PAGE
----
Gov’s Proposed $25.6B State Budget Prioritizes Pandemic Relief

Oregon Governor Kate Brown released her recommended budget and policy agenda for the state’s 2021-23 biennium on Tuesday, recommending that the Legislature invests heavily in coronavirus pandemic relief efforts while calling on the federal government to provide financial assistance.

In a press release, the governor’s office said a federal stimulus plan is “critical to addressing the dire needs Oregon and other states face due to the Covid-19 pandemic and wildfire recovery.”

“2020 has challenged Oregon in unimaginable ways,” Brown said in the release. “We have been tested to the core, and the most vital needs of Oregon families — health, safety, education, housing, and the ability to learn a living — have all been challenged in new ways.”

The governor said she has been “awe-inspired” by the ways Oregonians who have risen to the challenges brought by this unprecedented year.

“The compassionate spirit of our state has shined through,” she said. “Oregon has proven to be a port in the storm. Through it all, we are determined to rise, and rebuild. And as we do, we must ensure the future is a just one; that we create an Oregon where everyone has the opportunity to thrive. Where every voice is heard.”

Brown’s proposed budget for 2021-23 totals $100.2 billion in spending, including $25.6 billion that would come from Oregon’s general and lottery funds. It also includes more than $293 million in increased revenues and a surplus of $243 million in the general fund, according to the governor’s office.

In a statement Tuesday, Senate Republican Leader Fred Girod, of Lyons, excoriated the governor’s draft budget and priorities for the coming biennium, calling her proposal a “ship without a rudder.”

“Governor Brown demands Congress send Oregon money, however, millions of funds from the first federal coronavirus relief package have gone unspent,” he said. “Money from the federal government has limitations, and there is no guarantee that federal money will go towards the holes left in the governor’s budget.

“Clearly, the governor has been asleep at the wheel.”


Those proposals are interwoven throughout the governor’s recommended budget and policy agenda, the key points of which are outlined below.


Brown’s office said climate change, wildfires, water quality and access disproportionately impact minority communities.

To address this, Brown’s budget will invest in the creation of an Office of Environmental Justice and will also invest in “greenhouse gas reduction programs, and equitable water access, and wildfire preparedness, response, and prevention.”

Criminal Justice Reform

The governor’s office said in a release that the events of 2020 have magnified the urgency of the need for reform of the criminal justice system.

The proposed budget and policy agenda calls for expanding police accountability measures, reforming the state’s courts and stabilizing the budget for the Department of Corrections.

Voting Access

Brown’s budget calls for investments to “strengthen the core functions of our democracy” through the expansion of voting access and institutionalizing the governor’s Racial Justice Council.

The Racial Justice Council was convened in 2020, bringing together leaders from the state’s minority communities to “develop specific investments and policy proposals to begin to dismantle systemic racism in Oregon.”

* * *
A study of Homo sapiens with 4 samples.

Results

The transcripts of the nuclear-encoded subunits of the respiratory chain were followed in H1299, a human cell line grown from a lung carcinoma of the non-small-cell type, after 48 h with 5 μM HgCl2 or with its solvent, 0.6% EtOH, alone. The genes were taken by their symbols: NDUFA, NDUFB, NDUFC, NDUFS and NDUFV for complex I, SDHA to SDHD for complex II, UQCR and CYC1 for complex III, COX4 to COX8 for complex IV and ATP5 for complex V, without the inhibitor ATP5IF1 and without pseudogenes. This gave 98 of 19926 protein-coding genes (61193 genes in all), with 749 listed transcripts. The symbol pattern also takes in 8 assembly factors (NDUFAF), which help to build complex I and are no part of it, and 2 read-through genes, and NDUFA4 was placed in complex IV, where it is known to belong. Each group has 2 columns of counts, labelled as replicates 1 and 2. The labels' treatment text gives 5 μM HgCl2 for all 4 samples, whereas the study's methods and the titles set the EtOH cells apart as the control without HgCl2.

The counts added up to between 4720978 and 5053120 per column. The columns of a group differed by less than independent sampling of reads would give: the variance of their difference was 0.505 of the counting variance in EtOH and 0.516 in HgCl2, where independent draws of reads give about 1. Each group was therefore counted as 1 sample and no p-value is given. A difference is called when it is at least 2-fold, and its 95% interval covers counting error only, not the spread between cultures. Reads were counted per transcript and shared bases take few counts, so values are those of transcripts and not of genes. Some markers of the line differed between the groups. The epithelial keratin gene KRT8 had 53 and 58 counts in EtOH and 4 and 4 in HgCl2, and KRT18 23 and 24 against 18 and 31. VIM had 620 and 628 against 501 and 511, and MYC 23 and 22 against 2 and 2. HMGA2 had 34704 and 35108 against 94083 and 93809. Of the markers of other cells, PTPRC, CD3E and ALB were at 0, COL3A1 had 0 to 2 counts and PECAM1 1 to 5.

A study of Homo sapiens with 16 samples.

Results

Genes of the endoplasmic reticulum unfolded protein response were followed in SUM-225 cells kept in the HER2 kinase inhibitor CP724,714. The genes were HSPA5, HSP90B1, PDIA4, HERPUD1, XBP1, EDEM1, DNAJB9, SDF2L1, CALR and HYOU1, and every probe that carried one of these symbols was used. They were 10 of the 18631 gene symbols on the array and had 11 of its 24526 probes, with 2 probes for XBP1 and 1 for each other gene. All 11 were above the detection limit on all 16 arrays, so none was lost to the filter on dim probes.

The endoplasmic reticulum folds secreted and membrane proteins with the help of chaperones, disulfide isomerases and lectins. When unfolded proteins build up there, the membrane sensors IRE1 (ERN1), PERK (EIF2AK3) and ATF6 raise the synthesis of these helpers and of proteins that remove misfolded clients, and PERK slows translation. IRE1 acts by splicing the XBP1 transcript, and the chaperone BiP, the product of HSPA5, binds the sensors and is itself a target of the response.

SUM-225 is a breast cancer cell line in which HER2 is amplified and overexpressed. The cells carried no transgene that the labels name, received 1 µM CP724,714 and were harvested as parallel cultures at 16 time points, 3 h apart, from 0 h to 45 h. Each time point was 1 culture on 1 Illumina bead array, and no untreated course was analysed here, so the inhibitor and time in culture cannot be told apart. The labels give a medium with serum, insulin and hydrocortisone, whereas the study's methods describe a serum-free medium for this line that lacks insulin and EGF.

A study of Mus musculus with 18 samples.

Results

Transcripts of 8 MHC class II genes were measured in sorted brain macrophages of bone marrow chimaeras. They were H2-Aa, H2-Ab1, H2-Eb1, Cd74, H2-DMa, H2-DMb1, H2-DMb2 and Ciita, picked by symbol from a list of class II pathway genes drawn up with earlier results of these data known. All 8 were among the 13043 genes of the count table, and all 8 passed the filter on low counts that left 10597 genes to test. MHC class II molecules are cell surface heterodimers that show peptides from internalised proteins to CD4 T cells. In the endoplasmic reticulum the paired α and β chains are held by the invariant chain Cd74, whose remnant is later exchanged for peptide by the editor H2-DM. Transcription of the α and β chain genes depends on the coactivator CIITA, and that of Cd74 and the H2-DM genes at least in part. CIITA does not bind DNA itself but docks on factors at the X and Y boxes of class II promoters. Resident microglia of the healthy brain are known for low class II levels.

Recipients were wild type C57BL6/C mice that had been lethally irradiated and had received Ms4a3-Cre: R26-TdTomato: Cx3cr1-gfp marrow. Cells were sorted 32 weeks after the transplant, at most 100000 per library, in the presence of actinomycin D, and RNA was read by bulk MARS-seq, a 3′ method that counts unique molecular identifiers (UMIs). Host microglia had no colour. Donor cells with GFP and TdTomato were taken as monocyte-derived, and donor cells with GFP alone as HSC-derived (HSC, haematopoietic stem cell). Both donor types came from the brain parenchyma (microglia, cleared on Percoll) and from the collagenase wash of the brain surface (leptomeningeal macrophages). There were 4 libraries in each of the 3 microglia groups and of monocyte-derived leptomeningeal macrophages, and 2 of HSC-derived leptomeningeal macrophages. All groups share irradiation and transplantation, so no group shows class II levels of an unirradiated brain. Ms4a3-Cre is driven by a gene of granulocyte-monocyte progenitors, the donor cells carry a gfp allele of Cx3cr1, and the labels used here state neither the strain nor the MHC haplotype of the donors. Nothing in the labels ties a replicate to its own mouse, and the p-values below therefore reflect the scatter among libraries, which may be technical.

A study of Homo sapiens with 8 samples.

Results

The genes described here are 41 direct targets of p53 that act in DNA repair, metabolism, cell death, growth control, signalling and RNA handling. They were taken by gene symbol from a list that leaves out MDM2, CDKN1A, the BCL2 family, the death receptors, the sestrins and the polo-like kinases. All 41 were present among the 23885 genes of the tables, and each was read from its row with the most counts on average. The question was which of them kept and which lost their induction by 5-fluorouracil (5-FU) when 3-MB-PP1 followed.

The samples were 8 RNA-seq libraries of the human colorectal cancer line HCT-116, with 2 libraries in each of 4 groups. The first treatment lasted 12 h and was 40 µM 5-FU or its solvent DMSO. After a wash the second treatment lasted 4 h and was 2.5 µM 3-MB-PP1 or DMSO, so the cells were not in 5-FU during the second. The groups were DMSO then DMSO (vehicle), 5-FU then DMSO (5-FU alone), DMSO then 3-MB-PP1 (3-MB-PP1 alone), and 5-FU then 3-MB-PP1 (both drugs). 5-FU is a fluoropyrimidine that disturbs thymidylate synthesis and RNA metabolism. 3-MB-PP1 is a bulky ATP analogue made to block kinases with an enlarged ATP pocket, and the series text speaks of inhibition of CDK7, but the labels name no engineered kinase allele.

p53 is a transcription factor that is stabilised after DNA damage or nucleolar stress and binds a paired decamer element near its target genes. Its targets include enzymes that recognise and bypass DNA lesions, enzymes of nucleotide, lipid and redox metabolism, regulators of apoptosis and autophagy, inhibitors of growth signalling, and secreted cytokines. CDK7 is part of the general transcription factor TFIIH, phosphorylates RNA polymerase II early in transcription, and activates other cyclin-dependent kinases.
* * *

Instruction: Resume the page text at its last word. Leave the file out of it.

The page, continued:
The proposed budget for the 2021-23 biennium includes an increase of nearly $66 million in funding for housing and homelessness. In addition, Brown says she’ll ask Congress for $350 million in rent assistance.

The budget also includes $20 million in homeowner assistance, $250 million in affordable housing development funds and $30 million in public health modernization to “better prepare Oregon’s public health system to respond to events like the current pandemic,” the governor’s office said.

And the budget also calls for $17.9 million in funds to invest in a range of strategies to help protect seniors living in assisted living and nursing homes from COVID-19.


Brown’s office said a “key priority” in helping support small businesses and workers is to “secure additional coronavirus relief funds from Congress.” The current funds expire Dec. 31.

On the state side, the budget maintains funding for the Oregon Worker Relief Fund, Oregon Worker Quarantine Fund, the COVID temporary paid leave program, and the Oregon Employment Department.

The governor’s budget also includes $146.4 million to modernize the OED’s benefit delivery system and to help implement Paid Family Leave benefits for Oregon workers.

Health Care

The governor’s office said the state faces a $718 million budget gap for the Oregon Health Plan, primarily because of the pandemic. Brown’s budget aims to help close the gap “through cost savings,” but also relies “an expected extension of enhanced Federal Medical Assistance Percentage (FMAP) funding.”


The governor’s budget directs $9.1 billion to the state school fund, which includes full funding for Student Success Act programs and initiatives and grants for schools under the High School Graduation and College and Career Readiness Fund. The budget draws $215 million from the Education Stability Fund for public schools.

Brown’s budget also calls for an expansion of early care and education programs through Oregon Pre-K, Early Head Start, Preschool Promise and the Early Childhood Equity Fund.

Wildfire Recovery

Brown directs $189.5 million to rebuild communities impacted by the wildfires. Another $170 million of community development resources will be made available to the Governor’s Wildfire Economic Recovery Council. It also includes $73.7 million in fire preparedness, response and prevention.


The governor’s budget includes $118 million for broadband expansion across the state, which “will connect an additional 50 urban and rural communities that currently lack access.”